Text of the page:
Brian Vastag is a science reporter at The Washington Post, where he covers general science, the environment, climate change, and space. Vastag covered the Fukushima nuclear plant meltdown for the Post, penning six front-page stories during the height of the crisis and more than a dozen stories overall on the disaster and its political fallout.
Before landing at the Post in January 2011, Vastag spent nearly six years freelancing for some 40 publications, including U.S. News & World Report, New Scientist, Health, Nature, Science, Scientific American, Science News and National Geographic News. From 2000 to 2004, Vastag served as Washington news editor for the Journal of the American Medical Association, operating as a one-man bureau while covering biomedical research and policy from Capitol Hill to the National Institutes of Health and the Food and Drug Administration. Vastag has made live radio appearances on BBC World Service, WNYC, and Public Radio International’s The World, with television appearances on MSNBC and CNN.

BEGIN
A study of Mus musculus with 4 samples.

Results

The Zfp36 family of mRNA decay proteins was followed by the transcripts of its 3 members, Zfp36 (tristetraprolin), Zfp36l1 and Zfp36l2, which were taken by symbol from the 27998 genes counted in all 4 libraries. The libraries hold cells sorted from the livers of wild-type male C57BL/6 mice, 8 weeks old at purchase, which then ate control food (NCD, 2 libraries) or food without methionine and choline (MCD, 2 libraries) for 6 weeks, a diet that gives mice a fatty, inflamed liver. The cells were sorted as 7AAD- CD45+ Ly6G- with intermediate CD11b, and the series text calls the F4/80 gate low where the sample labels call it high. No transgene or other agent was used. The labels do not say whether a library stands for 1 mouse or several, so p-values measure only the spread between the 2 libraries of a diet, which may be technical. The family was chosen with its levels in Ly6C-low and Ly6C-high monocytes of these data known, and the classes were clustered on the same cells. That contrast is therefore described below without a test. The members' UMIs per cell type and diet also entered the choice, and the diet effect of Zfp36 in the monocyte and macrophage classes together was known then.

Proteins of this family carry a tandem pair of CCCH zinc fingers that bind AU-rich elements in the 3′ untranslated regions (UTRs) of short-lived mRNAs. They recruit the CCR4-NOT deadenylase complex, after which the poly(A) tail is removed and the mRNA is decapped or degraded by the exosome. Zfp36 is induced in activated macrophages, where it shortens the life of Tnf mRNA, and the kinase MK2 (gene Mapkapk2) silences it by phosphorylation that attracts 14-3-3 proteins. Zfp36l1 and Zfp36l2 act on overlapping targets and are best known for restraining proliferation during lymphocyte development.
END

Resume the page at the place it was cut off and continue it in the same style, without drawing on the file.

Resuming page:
Vastag is a member of the panel, Covering Scientific Controversies, that will take place Saturday, October 15th, from 1:30 pm – 3:00 pm at the Wettaw Auditorium at the University of Northern Arizona. The panel is part of the annual National Association of Science Writers meeting.
I interviewed Vastag prior to the NASW panel. In our interview, we discussed his Fukushima reporting as well as an investigative piece about offshore stem cell treatments that he wrote for the Post in 2008, Injections of Hope: Doctors promote offshore stem cell treatments, but some patients cry foul.
Click the following link to listen to the interview. (Or right click the link to download the .mp3 so you can listen on your audio device.)